Dining — like most activities that involve a nexus of trends, economics and desire — goes in cycles. Vegetables are in and oysters are in. Braised beef short ribs are out, not as out as sour apple martinis, but on their way.
So here’s my prediction for the new age: grown-up dining is back in. I base this observation not on multiple empirical data points but solely on the existence of one restaurant: Ink & Elm. This wholly unlikely restaurant has recently opened in that hotbed of cruddy, college-kid absorption food, Emory Village.
Before I trot out too much description of the booths (huge and plush), the lighting (caramel-lensed) or the wood tones (high gloss mahogany), let me tell you this: Ink & Elm has a particular vibe. The vibe says, “I’ll have the tournedos, the lady will have the scampi, and please send over the sommelier.”
Ink & Elm doesn’t feel like Buckhead or Midtown or Decatur. It isn’t pretending to be a sceney club, a farmhouse or a dive bar. Beautiful bottles of brown liquor gleam under a spotlight on bar shelves, the waiters dress in smart uniforms, and there is so much space between tables that shouting will never be an issue. Are your grandparents coming to the Emory graduation? Book now.
We really have two-restaurants-in-one here. Perhaps three. On the right you dine on oysters and burrata, order lamb cooked two ways and drink Bordeaux. On the left, you drink craft beers or just shots of bourbon. You order burgers, fried pimento cheese and ham sandwiches, and a variety of small plates to share. In between lies a loosely defined lounge area where you might settle into a deep sofa with your date and a round of craft cocktails. They make their own bitters here; they’re into it.
Emory Village? Really? Is Everybody’s Pizza rolling around in its grave?
The chef who oversees this trifecta is one Stephen Sharp, late of Blue Ridge Grill and French American Brasserie, whom you might espy behind the glass-walled exhibition kitchen in the rear. I’ve been once to the tavern and once to the dining room, and my early sense is the fancier stuff shines. Sharp has a fine-dining eye for plating food as well as a couple of nifty kitchen tricks that you’ll greet with delight.
His whole Gulf red snapper for two looks like a headless beast that swam into a fryer vat. But when you cut into it, you discover the backbone has been removed for your eating pleasure. A vibrant green herb salsa and a side of deeply flavored fennel confit make this dish great.
Other smart, original highlights in the menu include burrata outfitted with gently pickled squash and an umami-rich black garlic puree. Roasted broccoli (neither raw crunch nor overcooked mush) with blue cheese, peanuts and golden raisins tastes like a new flavor meme about to happen. But, Jiminy Cricket, $12? Guess that’s what you pay when you’re living large.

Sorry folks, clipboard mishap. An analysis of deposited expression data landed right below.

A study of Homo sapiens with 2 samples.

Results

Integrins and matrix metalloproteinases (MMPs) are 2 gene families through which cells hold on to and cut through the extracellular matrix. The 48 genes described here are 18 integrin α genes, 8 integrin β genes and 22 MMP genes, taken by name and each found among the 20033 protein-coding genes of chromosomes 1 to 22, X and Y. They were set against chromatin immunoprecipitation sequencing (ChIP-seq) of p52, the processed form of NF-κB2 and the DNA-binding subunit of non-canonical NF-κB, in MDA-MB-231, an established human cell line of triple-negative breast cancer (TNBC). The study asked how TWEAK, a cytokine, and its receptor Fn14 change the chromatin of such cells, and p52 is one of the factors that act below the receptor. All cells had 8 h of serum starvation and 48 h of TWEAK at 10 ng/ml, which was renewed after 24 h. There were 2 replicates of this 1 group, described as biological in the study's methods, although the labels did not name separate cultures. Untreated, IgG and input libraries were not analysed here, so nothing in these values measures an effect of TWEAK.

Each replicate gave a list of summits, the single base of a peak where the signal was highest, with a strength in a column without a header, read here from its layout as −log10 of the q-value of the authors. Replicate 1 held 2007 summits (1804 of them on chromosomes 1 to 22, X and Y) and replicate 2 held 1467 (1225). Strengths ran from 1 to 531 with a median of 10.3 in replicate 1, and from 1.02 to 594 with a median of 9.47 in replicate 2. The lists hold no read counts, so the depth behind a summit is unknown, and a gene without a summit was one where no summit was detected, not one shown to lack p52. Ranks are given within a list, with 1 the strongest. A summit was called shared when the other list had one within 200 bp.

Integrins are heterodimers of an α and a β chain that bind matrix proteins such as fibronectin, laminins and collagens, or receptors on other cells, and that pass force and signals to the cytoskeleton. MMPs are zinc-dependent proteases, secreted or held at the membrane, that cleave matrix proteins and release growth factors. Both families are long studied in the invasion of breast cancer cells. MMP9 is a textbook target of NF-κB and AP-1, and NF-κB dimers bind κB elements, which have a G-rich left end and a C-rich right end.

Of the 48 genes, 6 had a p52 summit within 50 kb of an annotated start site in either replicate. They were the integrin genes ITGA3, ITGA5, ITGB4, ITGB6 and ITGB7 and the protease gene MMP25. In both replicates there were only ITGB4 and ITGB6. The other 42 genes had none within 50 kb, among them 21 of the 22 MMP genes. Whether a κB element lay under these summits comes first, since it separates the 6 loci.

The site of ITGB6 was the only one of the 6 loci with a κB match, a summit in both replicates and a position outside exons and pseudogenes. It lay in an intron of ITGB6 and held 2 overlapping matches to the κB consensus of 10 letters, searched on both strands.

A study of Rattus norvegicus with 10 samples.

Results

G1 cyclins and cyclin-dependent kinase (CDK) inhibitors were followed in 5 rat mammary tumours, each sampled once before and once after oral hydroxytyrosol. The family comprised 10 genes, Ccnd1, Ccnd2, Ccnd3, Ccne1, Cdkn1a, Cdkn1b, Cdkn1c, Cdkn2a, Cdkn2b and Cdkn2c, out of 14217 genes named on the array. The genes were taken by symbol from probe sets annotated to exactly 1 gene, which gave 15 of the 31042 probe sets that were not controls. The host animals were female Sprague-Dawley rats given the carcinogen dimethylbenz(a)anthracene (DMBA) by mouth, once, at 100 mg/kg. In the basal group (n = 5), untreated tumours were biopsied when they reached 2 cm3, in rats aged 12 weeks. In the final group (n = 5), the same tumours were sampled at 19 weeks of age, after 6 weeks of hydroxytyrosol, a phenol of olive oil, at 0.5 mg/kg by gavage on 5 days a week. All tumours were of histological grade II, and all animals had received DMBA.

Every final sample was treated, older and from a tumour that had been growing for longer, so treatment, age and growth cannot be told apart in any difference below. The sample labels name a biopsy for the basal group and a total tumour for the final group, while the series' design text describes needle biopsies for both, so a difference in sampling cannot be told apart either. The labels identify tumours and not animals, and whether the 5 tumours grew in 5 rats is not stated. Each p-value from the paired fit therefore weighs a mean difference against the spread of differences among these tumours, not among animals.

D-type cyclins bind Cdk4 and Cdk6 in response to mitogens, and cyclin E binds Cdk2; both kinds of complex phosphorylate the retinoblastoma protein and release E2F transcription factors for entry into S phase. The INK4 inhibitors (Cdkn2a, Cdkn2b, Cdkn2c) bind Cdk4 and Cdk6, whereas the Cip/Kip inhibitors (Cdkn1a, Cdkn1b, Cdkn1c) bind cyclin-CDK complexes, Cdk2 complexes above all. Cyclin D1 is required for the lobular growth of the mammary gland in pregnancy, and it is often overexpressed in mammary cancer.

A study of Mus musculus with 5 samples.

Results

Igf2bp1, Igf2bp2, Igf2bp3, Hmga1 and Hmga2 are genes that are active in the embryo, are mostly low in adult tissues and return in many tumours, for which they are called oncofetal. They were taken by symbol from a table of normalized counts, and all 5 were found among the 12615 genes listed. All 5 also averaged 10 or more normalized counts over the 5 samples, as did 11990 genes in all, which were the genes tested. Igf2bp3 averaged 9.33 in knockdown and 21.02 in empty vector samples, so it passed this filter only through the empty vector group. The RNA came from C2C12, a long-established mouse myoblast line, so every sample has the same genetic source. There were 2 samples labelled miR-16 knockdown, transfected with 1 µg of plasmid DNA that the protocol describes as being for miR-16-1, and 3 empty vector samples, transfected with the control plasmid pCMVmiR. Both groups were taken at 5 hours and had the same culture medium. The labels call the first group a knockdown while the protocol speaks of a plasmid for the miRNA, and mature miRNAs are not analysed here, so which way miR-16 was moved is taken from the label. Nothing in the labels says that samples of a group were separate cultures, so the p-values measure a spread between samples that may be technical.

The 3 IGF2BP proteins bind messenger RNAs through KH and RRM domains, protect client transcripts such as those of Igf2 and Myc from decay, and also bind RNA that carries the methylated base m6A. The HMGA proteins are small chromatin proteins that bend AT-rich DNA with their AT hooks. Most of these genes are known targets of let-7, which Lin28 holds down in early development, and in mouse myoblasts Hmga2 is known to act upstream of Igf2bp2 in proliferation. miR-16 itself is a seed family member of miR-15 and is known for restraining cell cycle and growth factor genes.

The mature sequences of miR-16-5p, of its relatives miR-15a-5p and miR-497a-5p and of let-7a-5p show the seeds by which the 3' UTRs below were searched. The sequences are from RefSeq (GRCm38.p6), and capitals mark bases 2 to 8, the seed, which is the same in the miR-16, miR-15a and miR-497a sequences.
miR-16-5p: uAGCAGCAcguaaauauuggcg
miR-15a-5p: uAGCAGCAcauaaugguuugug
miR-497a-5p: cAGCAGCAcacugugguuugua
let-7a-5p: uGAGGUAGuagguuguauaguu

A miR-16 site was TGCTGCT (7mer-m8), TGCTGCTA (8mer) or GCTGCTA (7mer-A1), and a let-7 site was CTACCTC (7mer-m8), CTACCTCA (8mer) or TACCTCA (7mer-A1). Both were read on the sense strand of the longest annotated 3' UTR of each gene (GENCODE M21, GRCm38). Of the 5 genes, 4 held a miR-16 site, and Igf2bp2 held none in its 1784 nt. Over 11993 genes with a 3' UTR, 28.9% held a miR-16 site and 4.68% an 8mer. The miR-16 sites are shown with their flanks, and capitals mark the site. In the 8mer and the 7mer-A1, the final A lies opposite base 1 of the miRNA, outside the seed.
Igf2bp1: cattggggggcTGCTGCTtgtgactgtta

The tavern selections seemed a little too fluffed and camera-ready for bar fare. I might pass on the ultra-composed salads and tricked-out Brunswick stew presented in a mini-cauldron. However, I did like that fried sandwich with pimento cheese and country ham despite the unnecessary poached egg resting on one half of it. It’s like Bubba’s croque monsieur.
People tell me that Chai Pani — the vibrantly painted Decatur restaurant that serves a bespoke riff on Bombay street food — makes some mean cocktails. Tamarind-spiked mojitos, chili-charged margaritas and all kinds of other boozy refreshment.
I can’t tell you firsthand because I’ve never once felt the temptation to order a drink stronger than beer. I don’t know what it feels like to want a cocktail with Indian food. I do enjoy the restaurant’s nimbu pani, however, which is a kind of fresh lime soda sharpened with a sprinkle of salt. It tastes like nature’s own Gatorade and goes down brilliantly.
People also love Chai Pani’s signature appetizers — matchstick fried okra tossed with seasonings and kale pakoras fried in a thick gram (chickpea flour) batter. They are both novel for a bite, but end up tasting greasy and one-dimensional, just sort of fried and brown. Remember when chefs used to garnish everything with fried leek matchsticks? They taste like that.
These two dishes, the “must orders,” kept me from appreciating Chai Pani for months. Now, I know. Forget the fried business. Get the thali!
Each day there’s a choice of vegetarian and nonvegetarian, which here offer the variety and delight of a great bento box. You might go for the day’s veg offering and get saag paneer (the menus are posted each day on Twitter: @chaipanidecatur). It’s darker, spicier and more rustic than other versions you may have had, with nicely chewy bits of spinach. (I suspect it’s frozen, and if so, I want the recipe.)
But the sides make things scrumptious. Chickpea sabji, a thin dal freckled with cuminy nigella seed, a crunchy red cabbage salad, raita, rice fresh roti bread, a gorgeously brittle pappadum and a scoop of carrot halwa for dessert.
Chicken malabar in a gingery coconut curry has a nice chili tingle and a lot of tender breast meat chunks. I’m more of a bony dark meat guy, but I still liked it a lot. The sides are all the same.
If you do want to try one of the street-food snacks, I’d recommend the sev potato dahl puri. The menu encourages you to call it “SPDP,” which makes me think of a police patrol. Small puri puffs come filled with fried gram noodles, potatoes, onions, chutneys and yogurt. Open wide and … pop!
Maybe a cocktail wouldn’t taste so bad right about now.